The role of capacity and commitment in explaining NREGA (Rural Employment Guarantee Act) implementation
This project examines the role of two specific political variables – state capacity and elite commitment – in explaining the implementation of India’s National Rural Employment Guarantee Act (NREGA).
NREGA was passed in 2005 and it guarantees 100 days of employment to every rural household that demands work at a stipulated minimum wage. It is clear that it has not delivered on expectations and there are significant variations in NREGA outcomes across and within states in India. Past research has highlighted the role of local- and state-level political factors, but systematic evidence on which political processes and drivers are important, and how they affect the uneven implementation across the country, has been lacking.
Successful implementation is shaped by the manner in which political elites viewed the NREGA as being part of their strategy to reach out to the poor, and also not using it as a mechanism for rent extraction.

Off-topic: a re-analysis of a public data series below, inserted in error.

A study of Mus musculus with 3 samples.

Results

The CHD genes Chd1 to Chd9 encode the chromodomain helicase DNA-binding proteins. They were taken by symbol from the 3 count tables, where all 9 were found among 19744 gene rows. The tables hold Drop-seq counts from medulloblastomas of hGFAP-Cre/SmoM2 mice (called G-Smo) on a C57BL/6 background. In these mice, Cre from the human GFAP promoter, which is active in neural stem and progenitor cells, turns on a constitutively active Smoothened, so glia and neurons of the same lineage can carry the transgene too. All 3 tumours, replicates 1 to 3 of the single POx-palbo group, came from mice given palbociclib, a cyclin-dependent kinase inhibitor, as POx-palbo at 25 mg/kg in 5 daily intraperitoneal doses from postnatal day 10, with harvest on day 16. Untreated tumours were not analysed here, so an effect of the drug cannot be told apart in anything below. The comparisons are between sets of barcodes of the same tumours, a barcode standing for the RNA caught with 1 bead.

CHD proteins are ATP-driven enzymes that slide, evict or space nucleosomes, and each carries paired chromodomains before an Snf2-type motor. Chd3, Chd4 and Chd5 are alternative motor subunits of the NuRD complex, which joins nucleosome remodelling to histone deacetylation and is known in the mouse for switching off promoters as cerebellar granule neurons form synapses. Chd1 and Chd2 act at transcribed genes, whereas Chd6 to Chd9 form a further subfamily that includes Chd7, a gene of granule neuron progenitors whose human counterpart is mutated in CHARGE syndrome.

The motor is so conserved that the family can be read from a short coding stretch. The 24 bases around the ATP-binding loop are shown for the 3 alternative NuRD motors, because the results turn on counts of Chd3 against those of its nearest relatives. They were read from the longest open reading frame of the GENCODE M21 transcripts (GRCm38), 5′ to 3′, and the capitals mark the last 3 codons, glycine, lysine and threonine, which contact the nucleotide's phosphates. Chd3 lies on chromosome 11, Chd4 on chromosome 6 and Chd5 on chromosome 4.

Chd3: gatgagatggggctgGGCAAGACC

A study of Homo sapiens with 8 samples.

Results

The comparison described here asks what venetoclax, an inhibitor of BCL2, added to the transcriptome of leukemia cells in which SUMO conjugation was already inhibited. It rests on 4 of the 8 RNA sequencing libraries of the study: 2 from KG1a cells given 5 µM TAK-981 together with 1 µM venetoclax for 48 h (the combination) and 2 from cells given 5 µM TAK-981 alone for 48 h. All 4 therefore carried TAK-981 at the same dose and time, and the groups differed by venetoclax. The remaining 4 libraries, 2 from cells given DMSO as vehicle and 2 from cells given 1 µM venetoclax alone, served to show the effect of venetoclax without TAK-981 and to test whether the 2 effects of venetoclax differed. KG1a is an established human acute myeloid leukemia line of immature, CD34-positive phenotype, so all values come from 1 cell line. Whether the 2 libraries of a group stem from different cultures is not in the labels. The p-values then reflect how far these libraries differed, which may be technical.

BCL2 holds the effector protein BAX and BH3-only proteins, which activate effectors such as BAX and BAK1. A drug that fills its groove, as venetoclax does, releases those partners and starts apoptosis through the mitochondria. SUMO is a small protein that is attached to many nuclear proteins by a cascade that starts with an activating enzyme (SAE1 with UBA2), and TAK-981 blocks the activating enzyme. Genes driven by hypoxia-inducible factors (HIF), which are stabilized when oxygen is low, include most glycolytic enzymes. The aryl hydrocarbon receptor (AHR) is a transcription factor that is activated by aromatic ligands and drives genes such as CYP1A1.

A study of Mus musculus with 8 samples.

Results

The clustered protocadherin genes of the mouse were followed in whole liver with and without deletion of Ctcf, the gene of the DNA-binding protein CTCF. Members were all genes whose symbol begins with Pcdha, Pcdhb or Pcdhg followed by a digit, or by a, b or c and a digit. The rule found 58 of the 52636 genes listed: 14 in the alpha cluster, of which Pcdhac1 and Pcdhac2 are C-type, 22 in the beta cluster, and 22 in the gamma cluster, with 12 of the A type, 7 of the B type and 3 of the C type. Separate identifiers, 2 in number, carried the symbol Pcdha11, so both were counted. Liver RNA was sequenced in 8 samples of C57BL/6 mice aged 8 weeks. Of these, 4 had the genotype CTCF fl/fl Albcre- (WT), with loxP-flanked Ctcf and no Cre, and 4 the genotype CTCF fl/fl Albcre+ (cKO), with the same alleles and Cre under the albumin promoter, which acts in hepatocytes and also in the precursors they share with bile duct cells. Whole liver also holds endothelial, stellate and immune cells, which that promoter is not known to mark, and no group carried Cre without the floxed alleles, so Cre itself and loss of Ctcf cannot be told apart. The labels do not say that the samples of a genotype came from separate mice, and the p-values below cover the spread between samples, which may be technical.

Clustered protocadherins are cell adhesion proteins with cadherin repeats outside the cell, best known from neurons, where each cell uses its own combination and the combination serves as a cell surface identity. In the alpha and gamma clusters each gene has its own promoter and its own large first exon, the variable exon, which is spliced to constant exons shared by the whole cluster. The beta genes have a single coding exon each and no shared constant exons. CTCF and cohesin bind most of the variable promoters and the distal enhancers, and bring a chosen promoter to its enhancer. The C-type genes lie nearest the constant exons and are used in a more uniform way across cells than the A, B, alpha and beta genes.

At the national level, there is a link between the ruling party’s ideological project and the implementation of NREGA. It needs to figure prominently in the political imaginary of the ruling coalition. The disjuncture that we observe between the commitment of the national political elites and regional political elites to NREGA implementation is a reflection of the federalist structure of Indian politics, and the relative autonomy of regional elites to act in ways that they see as being important in exercising political power and to consolidate their electoral base.
Given the high implementation intensity of NREGA, states with higher administrative capacity performed well in NREGA implementation.
With respect to within-state drivers of NREGA implementation, political competition is an important driver of elite commitment towards NREGA implementation at the local government level. Local power relations also shape the way elites were committed to NREGA implementation at the village level. When one set of elites saw the benefit of cooperating with agricultural labourers to ‘shut out’ the other set of elites from local government, NREGA was more likely to be implemented.